Why Stop Thinking?
First of all, why stop thinking? Many spiritual teachers talk of a state of no-mind where there is no thinking at all. This is supposed to be a very lucid state where your attention is solely in your senses and your own being. A greater wisdom than normal thinking arises from this. This is because thinking is often compulsive and disconnected from the real world; yet when we meditate we can connect to a deep sense of perspective and gain a ground of intelligence or “common sense” upon which to base our thinking.
Apart from gaining better clarity, when we stop thinking we are also brought closer to the sensations of the body. This allows us to feel an underlying sense of pleasure at mere existence which most miss and which actually makes pain more tolerable. When we stop thinking we reach a level of being where we are often much healthier and better adapted to life too, which reduces the suffering we go through.
How To Stop Thinking
Meditation is often recommended to stop thinking, as are zen exercises such as koans. These are very helpful. You can pick and choose the spiritual practise you want to incorporate into your daily life. If you are a beginner, however, probably the most powerful introduction into the path of spiritual refinement would be to to start up a daily meditation routine.
Recommendations about the length of time to meditate vary, though it’s usually best to think about starting with how ever many minutes a day you can do in a sustainable manner. 5 minutes, for instance, is fine. The key word here is sustainable – with a lot of self discipline many can meditate for an hour but if you can’t keep up the habit you won’t see long term results. Slow but steady is definitely better in this case, and as with weight training you will find that your ability to meditate for long periods steadily improves.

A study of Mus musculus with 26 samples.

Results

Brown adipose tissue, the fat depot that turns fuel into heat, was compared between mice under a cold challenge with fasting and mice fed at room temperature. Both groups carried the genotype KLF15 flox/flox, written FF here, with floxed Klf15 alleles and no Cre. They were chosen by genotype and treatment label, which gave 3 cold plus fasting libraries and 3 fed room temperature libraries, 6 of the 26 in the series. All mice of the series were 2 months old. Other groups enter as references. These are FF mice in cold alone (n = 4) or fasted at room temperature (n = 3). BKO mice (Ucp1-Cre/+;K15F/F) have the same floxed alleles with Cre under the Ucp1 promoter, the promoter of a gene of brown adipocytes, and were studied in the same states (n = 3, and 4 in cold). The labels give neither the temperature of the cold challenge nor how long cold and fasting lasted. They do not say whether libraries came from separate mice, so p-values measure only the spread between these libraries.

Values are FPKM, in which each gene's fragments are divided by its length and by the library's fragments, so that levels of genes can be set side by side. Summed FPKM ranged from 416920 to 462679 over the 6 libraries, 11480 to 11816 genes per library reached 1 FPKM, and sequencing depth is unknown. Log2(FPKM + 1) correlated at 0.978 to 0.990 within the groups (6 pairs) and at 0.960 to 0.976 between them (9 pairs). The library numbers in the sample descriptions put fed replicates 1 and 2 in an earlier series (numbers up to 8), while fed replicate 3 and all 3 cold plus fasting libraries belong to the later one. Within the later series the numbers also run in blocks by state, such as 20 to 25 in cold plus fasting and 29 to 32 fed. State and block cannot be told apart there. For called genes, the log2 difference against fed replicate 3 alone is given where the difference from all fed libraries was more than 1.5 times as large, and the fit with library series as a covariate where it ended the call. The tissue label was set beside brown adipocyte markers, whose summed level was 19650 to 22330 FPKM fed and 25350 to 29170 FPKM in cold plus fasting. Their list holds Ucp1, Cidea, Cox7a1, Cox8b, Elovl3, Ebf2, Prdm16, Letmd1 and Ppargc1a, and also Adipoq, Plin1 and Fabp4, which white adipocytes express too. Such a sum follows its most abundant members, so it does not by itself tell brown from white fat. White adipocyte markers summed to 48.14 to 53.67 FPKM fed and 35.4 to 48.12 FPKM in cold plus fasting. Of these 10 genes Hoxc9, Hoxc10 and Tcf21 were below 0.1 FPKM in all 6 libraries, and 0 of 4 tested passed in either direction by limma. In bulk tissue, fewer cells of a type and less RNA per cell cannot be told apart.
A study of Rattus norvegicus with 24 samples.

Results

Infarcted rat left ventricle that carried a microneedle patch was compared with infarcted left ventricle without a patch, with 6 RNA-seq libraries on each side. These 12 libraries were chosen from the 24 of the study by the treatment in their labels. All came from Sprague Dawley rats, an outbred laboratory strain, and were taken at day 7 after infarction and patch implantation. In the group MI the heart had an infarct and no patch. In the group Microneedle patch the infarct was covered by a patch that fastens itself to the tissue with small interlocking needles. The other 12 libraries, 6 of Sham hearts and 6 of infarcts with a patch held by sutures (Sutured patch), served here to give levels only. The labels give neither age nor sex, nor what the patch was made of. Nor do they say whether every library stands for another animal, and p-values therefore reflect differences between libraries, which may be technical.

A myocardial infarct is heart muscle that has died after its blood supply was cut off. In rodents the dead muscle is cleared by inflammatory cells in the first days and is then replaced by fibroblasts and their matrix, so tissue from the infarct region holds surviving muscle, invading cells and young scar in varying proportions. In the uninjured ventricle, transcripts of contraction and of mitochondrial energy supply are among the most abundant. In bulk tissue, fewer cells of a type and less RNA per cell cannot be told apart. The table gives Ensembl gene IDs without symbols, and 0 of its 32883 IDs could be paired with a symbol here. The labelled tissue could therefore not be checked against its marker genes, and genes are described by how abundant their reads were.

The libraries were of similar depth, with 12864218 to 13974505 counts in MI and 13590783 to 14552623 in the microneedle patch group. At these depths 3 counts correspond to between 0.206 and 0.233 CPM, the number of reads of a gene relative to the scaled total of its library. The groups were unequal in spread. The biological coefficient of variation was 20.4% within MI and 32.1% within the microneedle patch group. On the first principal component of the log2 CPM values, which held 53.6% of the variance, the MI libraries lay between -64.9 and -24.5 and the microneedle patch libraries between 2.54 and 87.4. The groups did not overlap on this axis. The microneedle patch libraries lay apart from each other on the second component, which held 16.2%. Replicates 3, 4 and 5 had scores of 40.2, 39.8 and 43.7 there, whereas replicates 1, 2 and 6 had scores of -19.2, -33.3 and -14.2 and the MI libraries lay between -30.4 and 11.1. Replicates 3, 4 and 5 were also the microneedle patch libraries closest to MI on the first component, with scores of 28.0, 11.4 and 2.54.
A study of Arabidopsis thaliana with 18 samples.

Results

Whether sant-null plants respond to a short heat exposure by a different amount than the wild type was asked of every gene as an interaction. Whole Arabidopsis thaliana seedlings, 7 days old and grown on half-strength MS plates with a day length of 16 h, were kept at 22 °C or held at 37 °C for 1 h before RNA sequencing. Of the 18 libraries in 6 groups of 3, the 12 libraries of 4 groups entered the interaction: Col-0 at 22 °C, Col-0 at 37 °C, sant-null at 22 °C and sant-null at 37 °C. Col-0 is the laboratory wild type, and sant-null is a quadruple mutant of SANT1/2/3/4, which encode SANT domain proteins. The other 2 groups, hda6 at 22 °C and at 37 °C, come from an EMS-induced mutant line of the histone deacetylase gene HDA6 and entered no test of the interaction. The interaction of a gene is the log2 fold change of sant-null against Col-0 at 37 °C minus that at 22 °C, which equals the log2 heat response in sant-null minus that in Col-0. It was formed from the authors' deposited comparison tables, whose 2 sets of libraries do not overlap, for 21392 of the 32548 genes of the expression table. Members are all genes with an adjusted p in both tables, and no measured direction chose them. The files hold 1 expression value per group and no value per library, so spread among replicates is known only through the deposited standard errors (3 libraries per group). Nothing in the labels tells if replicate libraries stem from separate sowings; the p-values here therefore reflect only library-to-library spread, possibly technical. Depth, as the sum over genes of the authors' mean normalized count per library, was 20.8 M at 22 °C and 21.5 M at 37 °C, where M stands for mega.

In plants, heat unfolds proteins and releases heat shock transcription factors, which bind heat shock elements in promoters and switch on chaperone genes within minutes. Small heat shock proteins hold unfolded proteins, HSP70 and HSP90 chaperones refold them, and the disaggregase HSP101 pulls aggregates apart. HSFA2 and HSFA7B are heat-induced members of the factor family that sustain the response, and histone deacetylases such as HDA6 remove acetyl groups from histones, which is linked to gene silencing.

Mindfulness Meditation, the most basic meditation which goes by many names, involves observing the breath. Allow your attention to simply rest at the point where your breath enters the nostril, and observe as the breath moves in and out. Do not worry about how to stop thinking. If you realise you are thinking, be glad that you have realised, because that means that your consciousness has cleared again, and return to focusing on your breath.
If you scold yourself for thinking, stop it. The actual best way to stop thinking is to not resist it – but rather to focus on those things you would focus on if you were not thinking. In Mindfulness Meditation this is the breath. In the rest of your life this could be the sensations of the body, your feelings, your perceptions, and the real world.
The many different ways to stop thinking are too numerous to list here, so find some spiritual books and study them with an open mind. For beginners, The Power of Now by Eckhart Tolle is highly recommended for learning how to stop thinking.
Learning how to stop thinking is a long quest, but a worthy one. With proper guidance and a regular spiritual practise, achievement may come faster than you expect.